Last week visualization display company Christie announced a new CAVE installation they’ve completed with the Weill Cornell Medical College in New York City.
The David A. Cofrin Center for Biomedical Information at the HRH Prince Alwaleed Bin Talal Bin Abdulaziz Alsaud Institute for Computational Biomedicine is powered by eight Christie Mirage 3-chip DLP projectors with active stereo capability. The Christie projectors deliver a resolution of 1920×1920 (3.68 megapixels) per wall – 334% higher resolution than most previous CAVEs. The results are superior 3D images that set new standards in molecular modeling and other avenues of biomedical research.
A CAVE (which is short for Cave Automatic Virtual Environment according to the Wikipedia) is an immersive 3D environment with images projected on up to 5 walls of a cube (the “cave”) that a user steps in to explore a virtual world. In the image at right, the CAVE user has stepped into the environment (facing away from you) and is interacting with a dataset. The user typically wears at least stereo glasses, and may also wear a dataglove, or carry a wand or other interaction device.
Vanessa Borcherding, Systems Administrator for the Institute for Computational Biomedicine, Weill Cornell Medical College, remarked, “ The ICB is focused on enabling computational methodologies in the biological sciences, including genome studies, molecular modeling and modeling of cell and organ systems. The Cofrin Center’s Facility allows us to take many pieces of data from a computer and reconstruct it in an immersive 3D environment to help researchers make decisions and gain insights quickly and intuitively.”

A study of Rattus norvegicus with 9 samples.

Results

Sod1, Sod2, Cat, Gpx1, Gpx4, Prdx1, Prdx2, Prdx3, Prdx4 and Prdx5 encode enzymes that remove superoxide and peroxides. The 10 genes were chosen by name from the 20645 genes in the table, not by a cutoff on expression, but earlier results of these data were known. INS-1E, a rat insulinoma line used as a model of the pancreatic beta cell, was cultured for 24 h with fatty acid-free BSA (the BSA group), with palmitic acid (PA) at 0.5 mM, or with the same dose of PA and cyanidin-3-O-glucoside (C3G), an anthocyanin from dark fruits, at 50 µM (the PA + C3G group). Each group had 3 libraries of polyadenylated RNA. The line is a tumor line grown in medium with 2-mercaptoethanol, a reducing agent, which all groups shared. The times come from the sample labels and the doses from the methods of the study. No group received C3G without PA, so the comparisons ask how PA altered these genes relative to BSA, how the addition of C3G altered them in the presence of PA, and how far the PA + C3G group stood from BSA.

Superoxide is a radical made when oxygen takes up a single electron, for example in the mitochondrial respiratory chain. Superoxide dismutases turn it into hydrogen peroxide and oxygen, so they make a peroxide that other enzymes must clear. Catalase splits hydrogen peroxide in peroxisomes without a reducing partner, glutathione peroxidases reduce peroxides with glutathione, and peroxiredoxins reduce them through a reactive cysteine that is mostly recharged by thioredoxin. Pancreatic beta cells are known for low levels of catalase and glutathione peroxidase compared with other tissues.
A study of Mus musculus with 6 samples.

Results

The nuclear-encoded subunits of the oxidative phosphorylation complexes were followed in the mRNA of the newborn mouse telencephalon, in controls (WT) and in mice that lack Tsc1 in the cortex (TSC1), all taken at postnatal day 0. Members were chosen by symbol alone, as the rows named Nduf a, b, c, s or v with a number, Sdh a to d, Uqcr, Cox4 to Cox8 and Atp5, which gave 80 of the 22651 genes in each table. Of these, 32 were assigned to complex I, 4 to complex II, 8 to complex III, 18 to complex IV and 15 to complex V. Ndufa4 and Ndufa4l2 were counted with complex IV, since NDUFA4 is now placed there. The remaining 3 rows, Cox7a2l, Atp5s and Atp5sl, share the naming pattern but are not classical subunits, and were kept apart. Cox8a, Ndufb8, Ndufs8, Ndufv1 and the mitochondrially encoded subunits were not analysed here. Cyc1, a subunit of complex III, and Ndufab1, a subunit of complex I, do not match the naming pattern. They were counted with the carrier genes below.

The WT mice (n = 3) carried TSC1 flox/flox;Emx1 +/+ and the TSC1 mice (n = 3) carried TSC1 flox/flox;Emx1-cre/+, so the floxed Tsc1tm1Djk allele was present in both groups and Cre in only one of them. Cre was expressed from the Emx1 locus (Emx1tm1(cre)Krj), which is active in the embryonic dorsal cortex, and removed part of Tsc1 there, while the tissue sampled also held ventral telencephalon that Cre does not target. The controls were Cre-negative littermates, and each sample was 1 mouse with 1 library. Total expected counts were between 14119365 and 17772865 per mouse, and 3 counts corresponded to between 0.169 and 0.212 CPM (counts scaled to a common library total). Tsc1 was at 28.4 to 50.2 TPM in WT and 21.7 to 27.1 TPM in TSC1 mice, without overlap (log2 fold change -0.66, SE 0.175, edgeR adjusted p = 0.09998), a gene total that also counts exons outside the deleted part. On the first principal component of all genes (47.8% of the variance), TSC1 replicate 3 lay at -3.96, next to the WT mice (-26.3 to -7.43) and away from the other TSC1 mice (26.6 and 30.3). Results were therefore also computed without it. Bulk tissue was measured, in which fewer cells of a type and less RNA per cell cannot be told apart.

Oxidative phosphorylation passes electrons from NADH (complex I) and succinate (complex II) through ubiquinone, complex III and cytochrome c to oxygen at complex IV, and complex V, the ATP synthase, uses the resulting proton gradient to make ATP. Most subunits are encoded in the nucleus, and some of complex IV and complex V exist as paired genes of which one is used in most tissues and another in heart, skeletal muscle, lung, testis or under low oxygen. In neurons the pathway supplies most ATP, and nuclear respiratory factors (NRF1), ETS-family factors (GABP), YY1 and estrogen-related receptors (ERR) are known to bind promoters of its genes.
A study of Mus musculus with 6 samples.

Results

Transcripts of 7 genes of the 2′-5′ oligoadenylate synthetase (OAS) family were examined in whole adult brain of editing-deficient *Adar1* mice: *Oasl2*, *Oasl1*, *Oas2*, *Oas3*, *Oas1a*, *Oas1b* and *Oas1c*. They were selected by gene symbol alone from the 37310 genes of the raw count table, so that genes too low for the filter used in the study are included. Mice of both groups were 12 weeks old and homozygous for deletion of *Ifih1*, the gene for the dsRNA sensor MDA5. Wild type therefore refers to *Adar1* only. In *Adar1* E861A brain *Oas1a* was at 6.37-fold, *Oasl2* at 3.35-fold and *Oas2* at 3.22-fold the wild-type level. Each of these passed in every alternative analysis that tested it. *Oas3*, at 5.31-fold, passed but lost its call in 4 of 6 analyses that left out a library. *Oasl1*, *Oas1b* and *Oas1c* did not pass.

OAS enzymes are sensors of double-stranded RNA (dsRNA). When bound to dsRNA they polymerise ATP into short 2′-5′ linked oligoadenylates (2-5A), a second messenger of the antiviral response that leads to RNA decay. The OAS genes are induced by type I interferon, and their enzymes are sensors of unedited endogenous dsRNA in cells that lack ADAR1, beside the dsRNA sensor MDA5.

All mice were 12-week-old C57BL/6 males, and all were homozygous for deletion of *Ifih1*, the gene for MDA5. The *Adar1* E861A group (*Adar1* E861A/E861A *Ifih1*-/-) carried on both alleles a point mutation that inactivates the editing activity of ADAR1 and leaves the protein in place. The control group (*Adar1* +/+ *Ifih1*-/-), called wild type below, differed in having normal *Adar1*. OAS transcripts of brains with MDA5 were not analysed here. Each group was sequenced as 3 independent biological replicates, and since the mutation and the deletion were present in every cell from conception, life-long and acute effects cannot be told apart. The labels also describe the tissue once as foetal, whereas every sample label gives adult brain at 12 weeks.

Borcherding added, “Pixel density is key to visualizing the vast amount of data we need to analyze. We chose Christie because they were the only company to propose a genuine high definition CAVE solution, which no one else could offer. We were especially impressed with their forward-thinking, innovative approach, their expertise in building visualization facilities, and their ability to perfectly integrate this technology to meet not only our technical needs, but our rigid engineering requirements as well.”
Anyway, as you can see from the image the walls of the CAVE are pretty big, and the projectors used in CAVEs have been historically fairly low resolution, making them a good solution for datasets with a strongly spatial component or complex spatial relationships if you were willing to accept some smoothing. Of course, as datasets continue to grow along with the HPC machines that produce them, this tradeoff is increasingly undesirable. Thus the relevance of the Christie announcement. 3.68 MP per wall is a nice improvement, but of course we are going to need much higher resolution very soon as trans-petaFLOPS machines become more common.